A panel of judges on the 11th U.S. Circuit Court of Appeals ruled Thursday to overturn the appointment of a special master tasked with reviewing thousands of documents seized by the FBI from former President Donald Trump's Mar-a-Lago estate this summer.
The ruling by the three-judge panel, including two Trump appointees, goes into effect in seven days, absent intervention by the full circuit court or the Supreme Court.
"The law is clear," the judges found. "We cannot write a rule that allows any subject of a search warrant to block government investigations after the execution of the warrant. Nor can we write a rule that allows only former presidents to do so."
The order effectively eliminates what federal authorities had described as a major obstacle in their ongoing criminal investigation into whether Trump illegally retained highly classified records after leaving the presidency and obstructed efforts by the government to recover them. He denies wrongdoing.
The appellate judges had signaled in a hearing last week that they were likely to order an end to the special master's review. They repeatedly expressed concern that the appointment of third-party judge Raymond Dearie by U.S. District Judge Aileen Cannon in Florida lacked any clear precedent.
The panel was skeptical of assertions from Trump's lawyer Jim Trusty, who described the search of Trump's home as "an extraordinary case" that warranted intervention from an outside arbiter to review all the materials seized in August.
Cannon had empowered Dearie, as special master, to evaluate the approximately 13,000 materials taken from Trump's club, including roughly 100 documents with classification markings.
As part of his work, Dearie was supposed to analyze if any of the documents that were taken raised privilege concerns, either executive privilege or attorney-client privilege.
Thursday's opinion makes clear the appellate judges' belief that Cannon stepped widely outside of her jurisdiction in appointing the special master.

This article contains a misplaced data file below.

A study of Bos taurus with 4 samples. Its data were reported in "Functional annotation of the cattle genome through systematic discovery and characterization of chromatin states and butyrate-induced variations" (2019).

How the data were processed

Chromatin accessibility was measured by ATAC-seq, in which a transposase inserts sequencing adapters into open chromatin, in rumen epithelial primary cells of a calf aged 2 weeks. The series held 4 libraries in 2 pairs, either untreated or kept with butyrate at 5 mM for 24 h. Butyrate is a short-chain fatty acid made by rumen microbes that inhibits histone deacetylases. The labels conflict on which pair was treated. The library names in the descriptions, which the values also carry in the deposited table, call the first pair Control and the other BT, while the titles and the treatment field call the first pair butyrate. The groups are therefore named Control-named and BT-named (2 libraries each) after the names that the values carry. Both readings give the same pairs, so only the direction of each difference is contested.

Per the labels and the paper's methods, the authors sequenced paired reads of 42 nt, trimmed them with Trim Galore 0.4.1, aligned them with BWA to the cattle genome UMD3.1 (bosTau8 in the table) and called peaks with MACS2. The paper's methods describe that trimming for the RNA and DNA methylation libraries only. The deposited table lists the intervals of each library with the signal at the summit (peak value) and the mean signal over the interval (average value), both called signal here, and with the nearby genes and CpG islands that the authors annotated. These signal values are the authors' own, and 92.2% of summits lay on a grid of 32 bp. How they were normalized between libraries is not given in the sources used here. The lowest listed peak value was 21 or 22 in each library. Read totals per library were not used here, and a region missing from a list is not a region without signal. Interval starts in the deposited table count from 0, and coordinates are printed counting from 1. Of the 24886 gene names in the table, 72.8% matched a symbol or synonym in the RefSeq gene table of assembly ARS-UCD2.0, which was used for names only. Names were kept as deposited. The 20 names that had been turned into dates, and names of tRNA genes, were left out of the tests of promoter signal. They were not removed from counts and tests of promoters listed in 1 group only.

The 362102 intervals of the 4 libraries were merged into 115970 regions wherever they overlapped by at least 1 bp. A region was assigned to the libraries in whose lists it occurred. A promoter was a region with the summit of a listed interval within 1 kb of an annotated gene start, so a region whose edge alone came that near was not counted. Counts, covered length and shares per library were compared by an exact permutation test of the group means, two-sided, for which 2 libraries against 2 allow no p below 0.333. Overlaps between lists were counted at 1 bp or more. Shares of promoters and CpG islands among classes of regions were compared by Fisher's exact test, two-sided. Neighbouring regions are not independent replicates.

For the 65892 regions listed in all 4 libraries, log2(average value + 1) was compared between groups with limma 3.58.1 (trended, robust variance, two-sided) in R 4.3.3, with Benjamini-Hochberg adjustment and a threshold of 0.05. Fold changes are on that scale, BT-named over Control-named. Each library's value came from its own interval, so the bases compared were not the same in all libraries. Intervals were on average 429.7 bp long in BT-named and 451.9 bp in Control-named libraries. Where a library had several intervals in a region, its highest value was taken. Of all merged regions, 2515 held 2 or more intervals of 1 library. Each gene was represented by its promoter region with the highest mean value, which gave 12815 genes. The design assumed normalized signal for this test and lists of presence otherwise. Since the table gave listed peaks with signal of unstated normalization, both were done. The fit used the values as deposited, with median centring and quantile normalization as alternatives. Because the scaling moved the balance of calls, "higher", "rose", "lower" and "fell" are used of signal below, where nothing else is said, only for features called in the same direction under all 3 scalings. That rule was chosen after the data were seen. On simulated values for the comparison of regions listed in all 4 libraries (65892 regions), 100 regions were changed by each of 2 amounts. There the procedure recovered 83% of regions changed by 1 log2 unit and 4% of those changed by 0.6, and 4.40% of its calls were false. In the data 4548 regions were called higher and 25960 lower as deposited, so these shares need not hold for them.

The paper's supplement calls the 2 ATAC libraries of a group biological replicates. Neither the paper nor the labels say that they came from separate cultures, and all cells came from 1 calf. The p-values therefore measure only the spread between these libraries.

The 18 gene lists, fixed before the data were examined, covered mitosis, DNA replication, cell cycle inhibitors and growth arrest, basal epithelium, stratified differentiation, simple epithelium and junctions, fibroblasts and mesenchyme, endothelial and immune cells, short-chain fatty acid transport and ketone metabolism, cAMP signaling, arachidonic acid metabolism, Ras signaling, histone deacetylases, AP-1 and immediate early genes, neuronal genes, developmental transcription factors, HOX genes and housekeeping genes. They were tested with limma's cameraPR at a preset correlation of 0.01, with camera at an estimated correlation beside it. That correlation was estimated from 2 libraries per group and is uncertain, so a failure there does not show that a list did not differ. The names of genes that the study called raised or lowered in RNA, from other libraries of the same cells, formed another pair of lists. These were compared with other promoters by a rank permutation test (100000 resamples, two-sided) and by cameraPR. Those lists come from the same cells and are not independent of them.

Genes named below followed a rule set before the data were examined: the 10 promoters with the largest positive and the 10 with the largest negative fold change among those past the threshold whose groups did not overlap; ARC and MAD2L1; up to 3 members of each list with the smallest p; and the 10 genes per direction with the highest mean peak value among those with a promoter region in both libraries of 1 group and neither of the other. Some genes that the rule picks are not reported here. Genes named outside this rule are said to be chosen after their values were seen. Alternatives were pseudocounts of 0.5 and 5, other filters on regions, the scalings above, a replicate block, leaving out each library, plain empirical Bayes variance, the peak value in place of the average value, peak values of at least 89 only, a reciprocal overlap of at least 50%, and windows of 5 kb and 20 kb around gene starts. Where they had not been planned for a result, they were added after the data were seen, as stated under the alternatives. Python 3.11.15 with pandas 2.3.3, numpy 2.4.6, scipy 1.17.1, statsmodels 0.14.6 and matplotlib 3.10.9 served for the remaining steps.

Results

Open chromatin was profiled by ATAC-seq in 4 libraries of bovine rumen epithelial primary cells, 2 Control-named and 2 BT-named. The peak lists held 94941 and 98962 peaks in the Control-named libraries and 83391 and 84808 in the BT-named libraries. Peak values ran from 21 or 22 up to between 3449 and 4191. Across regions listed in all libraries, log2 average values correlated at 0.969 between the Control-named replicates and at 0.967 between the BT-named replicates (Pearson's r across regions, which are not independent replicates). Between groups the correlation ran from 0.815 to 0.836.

The judges wrote that Trump had made no argument and presented no proof that the government exercised a "callous disregard" for his rights in carrying out the search, which would be the necessary standard for such an extraordinary intervention by the courts into the executive branch's law enforcement functions.
They dismissed as a "sideshow" Trump's legal team's argument that the Presidential Records Act gives him some right of personal possession over the documents, noting that even if he was correct -- the items would still likely be subject to seizure under the search warrant.
"The status of a document as personal or presidential does not alter the authority of the government to seize it under a warrant supported by probable cause; search warrants authorize the seizure of personal records as a matter of course," they wrote.
The judges also addressed whether Trump's status as a former president would create some kind of exemption or carve-out to justify judicial intervention in the search.
"It is indeed extraordinary for a warrant to be executed at the home of a former president—but not in a way that affects our legal analysis or otherwise gives the judiciary license to interfere in an ongoing investigation," they wrote. "To create a special exception here would defy our Nation’s foundational principle that our law applies “to all, without regard to numbers, wealth, or rank.”
The Department of Justice had accused Trump's legal team of using the special master proceedings as a "shell game" to try and delay the progress of their investigation and called Cannon's appointment of a special master an "extraordinary judicial intrusion into a core executive branch function."
The 11th Circuit previously granted a request from the DOJ to stay portions of a ruling by Cannon that blocked the government from using the roughly 100 documents with classification markings recovered from Mar-a-Lago in its investigation and demanded they be handed over to special master Dearie.
Trump's attorneys then appealed that ruling to the Supreme Court, which declined to take up the matter.
Following that ruling, federal officials quickly moved for an expedited appeal to have the 11th Circuit end Dearie's review in its entirety -- arguing that the government's inability to access the roughly 13,000 remaining non-classified documents seized from Mar-a-Lago was hampering their investigation.
Authorities will now be able to use the documents as evidence as they question witnesses and further examine the circumstances behind Trump's decision to remove thousands of government records -- including some with markings that refer to the nation's most protected secrets -- from the White House and store them at his private resort.
Earlier this month, Attorney General Merrick Garland appointed a special counsel, Jack Smith, to oversee the Mar-a-Lago investigation as well as a separate probe into efforts by Trump and his allies to overturn his 2020 election loss.
Last week, Trump's lawyers separately asked Cannon to order the Justice Department to hand over the full, unredacted affidavit that was used to justify the search warrant on Trump's residence. Cannon has yet to respond to their motion, but the Justice Department has expressed concern that disclosure of the details in the affidavit could jeopardize their investigation and potentially endanger cooperating witnesses.